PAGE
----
Like Standing on the Edge of the Earth
Yesterday afternoon, I spent a few minutes with a good friend. Her life is in some turmoil, and friendly faces, ridiculous words can be exactly what she needs to forget, or at least enjoy things for a while.
Lately, I have felt my life has become pretty stagnant, doing the same five things over and over each week and while those things are not in themselves, worthless or dull, getting out of the usual is always welcome.
After meeting with my friend, I jumped in the 4Runner and started home. I usually avoid the Interstate, not because I hate driving home at higher speeds, but the exits I use are often annoying. Plus, I hate the way most people drive (knowing full well that I likely annoy some with my driving). I feel like I have more options if I use the surface streets. Yesterday, wanting to shake things up, I jumped on I-80 at 7th East, planning to exit at Foothill Drive.
Having only owned the car for a few weeks, I am not quite used to all the lights and gadgets and as I approached the 13th East overpass, a light flashed on the dashboard. It was one I didn’t recognize and in the few seconds it took to register the light, ponder its meaning, the steering wheel started shaking and pulling to the right. A flat tire. I contemplated driving the mile or so to the next exit, but realized that would likely mean damage to the wheel.
The 13th East on-ramp ended just ahead of where I was, and though I considered driving through to the shoulder, the tire was completely deflated. My options were now reduced to one. Stay where I was, parked in the V between the end of the on-ramp and the right lane of I-80.
No big deal. I have changed tires before. If things were disastrously slow, this might take me 30 minutes. At best, I would be back on the freeway in 15. I turned on the hazard lights and opened my door. I had forgotten the sound high-speed traffic makes. Cars rushing by followed by the wind and instantly I was disoriented. My head was spinning; I was in trouble.
I opened the rear hatch and removed the jack and lug wrench. Staring blankly at the pile of metal objects in front of me, I had no clue how to get started. The parts for the jack handle seemed to require a screwdriver, which I did not have. The instructions in the owners manual were vague at how to assemble the handle and worse, the handle was required to lower the spare. I wandered back and forth from the front seat, looking for something to act as a screwdriver and standing near the open hatch staring at the items strewn across the carpet.
Almost by accident, I discovered parts of the handle could be used as a wrench (moron), and I was able to assemble it. Sounds kept rushing and wind blew the owners manual shut several times. With the hastily assembled handle, I started trying to lower the spare. Again, the instructions were useless and I attempted to find the lowering screw over and over. The sounds kept getting louder and it started to feel like the noise and wind were now constant. I kept thinking it was only a matter of time until someone passed too close and collided with my car. If cops could be hit hundreds of times a year passing out tickets and attending to accidents, it was not a stretch to imagine the same or worse happening here.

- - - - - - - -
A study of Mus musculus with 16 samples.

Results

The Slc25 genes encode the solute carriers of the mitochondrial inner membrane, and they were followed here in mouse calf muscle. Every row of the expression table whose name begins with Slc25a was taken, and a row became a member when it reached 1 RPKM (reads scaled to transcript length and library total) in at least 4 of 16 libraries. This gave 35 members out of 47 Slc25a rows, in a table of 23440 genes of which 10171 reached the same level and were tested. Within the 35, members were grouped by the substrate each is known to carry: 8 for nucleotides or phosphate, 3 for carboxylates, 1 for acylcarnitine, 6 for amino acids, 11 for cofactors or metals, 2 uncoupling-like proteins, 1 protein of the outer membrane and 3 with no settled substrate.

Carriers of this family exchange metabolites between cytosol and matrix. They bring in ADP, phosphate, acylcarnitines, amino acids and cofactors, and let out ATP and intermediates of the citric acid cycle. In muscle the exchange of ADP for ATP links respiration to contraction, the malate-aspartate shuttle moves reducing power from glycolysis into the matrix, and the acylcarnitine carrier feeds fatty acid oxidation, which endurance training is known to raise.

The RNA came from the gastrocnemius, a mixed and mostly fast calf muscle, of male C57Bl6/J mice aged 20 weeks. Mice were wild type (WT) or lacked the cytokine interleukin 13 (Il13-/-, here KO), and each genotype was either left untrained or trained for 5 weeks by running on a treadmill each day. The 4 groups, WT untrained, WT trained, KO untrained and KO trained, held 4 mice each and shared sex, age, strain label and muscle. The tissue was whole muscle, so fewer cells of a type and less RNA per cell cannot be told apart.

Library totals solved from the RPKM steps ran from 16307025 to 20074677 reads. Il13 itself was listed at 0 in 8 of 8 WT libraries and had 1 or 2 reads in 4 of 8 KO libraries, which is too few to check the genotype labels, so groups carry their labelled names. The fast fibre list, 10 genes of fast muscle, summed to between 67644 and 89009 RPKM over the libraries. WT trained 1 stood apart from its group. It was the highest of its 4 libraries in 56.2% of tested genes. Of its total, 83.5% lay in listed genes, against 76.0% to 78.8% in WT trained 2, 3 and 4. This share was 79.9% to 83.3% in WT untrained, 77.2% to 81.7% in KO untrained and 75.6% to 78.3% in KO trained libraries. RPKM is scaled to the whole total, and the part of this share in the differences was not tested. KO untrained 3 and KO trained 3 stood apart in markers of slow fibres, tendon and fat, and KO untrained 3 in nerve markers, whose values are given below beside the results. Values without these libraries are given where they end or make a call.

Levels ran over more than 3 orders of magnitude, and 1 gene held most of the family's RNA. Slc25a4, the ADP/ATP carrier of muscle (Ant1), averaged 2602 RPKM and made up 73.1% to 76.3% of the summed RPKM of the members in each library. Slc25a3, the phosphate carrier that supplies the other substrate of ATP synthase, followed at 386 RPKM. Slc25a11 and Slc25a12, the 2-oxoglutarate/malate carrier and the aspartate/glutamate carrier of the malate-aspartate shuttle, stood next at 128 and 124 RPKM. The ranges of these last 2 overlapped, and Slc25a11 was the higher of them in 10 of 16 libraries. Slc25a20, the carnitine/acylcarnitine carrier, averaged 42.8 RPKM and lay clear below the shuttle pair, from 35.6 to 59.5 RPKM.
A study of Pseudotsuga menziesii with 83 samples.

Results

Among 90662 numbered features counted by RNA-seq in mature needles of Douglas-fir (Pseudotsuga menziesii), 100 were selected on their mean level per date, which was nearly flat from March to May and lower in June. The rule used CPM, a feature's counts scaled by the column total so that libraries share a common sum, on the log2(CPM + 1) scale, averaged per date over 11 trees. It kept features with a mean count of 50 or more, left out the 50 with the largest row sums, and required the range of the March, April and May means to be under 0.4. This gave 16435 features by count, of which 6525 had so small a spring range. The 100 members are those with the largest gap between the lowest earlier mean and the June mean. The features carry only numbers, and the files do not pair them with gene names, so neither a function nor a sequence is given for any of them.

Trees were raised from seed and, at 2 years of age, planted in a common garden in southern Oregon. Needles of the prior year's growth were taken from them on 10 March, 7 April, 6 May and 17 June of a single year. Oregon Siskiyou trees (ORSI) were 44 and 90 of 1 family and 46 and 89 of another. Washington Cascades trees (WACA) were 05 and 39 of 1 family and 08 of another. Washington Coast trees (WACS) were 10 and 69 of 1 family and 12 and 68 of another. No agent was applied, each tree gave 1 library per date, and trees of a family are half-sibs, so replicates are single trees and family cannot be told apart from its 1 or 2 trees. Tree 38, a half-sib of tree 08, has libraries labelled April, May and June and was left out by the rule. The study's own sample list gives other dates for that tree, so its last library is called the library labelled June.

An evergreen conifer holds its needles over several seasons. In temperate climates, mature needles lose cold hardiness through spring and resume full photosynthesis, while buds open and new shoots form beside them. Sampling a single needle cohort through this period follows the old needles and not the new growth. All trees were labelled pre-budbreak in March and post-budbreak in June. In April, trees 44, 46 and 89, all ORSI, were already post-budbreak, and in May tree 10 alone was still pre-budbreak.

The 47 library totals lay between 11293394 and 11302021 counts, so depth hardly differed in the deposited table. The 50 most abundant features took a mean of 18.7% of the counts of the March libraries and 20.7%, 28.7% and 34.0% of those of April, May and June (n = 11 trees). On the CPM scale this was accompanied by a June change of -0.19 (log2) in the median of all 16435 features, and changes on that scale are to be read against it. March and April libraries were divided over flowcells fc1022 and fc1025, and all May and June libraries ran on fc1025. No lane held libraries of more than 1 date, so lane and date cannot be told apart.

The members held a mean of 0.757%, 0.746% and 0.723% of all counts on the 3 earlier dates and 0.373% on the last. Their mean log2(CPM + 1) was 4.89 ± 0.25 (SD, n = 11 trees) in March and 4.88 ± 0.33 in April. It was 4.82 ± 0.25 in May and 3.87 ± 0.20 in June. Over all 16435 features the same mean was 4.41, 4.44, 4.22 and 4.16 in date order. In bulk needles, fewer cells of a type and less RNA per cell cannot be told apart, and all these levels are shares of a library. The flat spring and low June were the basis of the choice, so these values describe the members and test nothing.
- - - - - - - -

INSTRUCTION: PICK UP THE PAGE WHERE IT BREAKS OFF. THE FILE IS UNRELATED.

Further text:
After the tenth failed attempt, I crawled under the rear of the car, hoping to see where this elusive lowering screw was housed. Of course, the spare was in the way and every object obstructed. As I slid out from under the car, feeling quite at a loss, I realized a Mazda had stopped behind my vehicle and the driver was exiting.
I was relieved and embarrassed at the same time. Finally, someone to help, but seriously, it was only a flat tire. It still took us several minutes and one of us under the vehicle to find the lowering screw. After that, the rest was gravy.
Something had lodged itself into my tire, leaving an inch wide hole in the tread. 45 minutes after first pulling over, I was finally driving away.
Chadwick (yes, what a great name), was very friendly and helped me feel a bit better about my pathetic tire changing moment. Once he arrived, the sounds from the freeway seemed less intrusive, less frightening, though my heart really didn’t calm down until after I was getting the tire replaced (the inch wide tear had left it useless). The attendant at the store told me he would never have stopped on the Interstate. “I would have wrecked the tire, the wheel, the hub, whatever it took.” And after my experience, I am not sure he was wrong.
I am having a hard time recalling the sound properly or the sensation of the cars passing. I don’t recall specific types of vehicles passing me or any particularly close calls. What I remember is feeling like being stuck out on a precipice, with the elements around you conspiring to thwart your every effort. So disorienting and frightening, everything was confused and thinking clearly was not possible.
Later in the evening I had a moment when I said to myself, “Why didn’t you just go sit in the car with the doors closed for a minute, collect yourself?” But even that was an impossible thought when I was out there in it.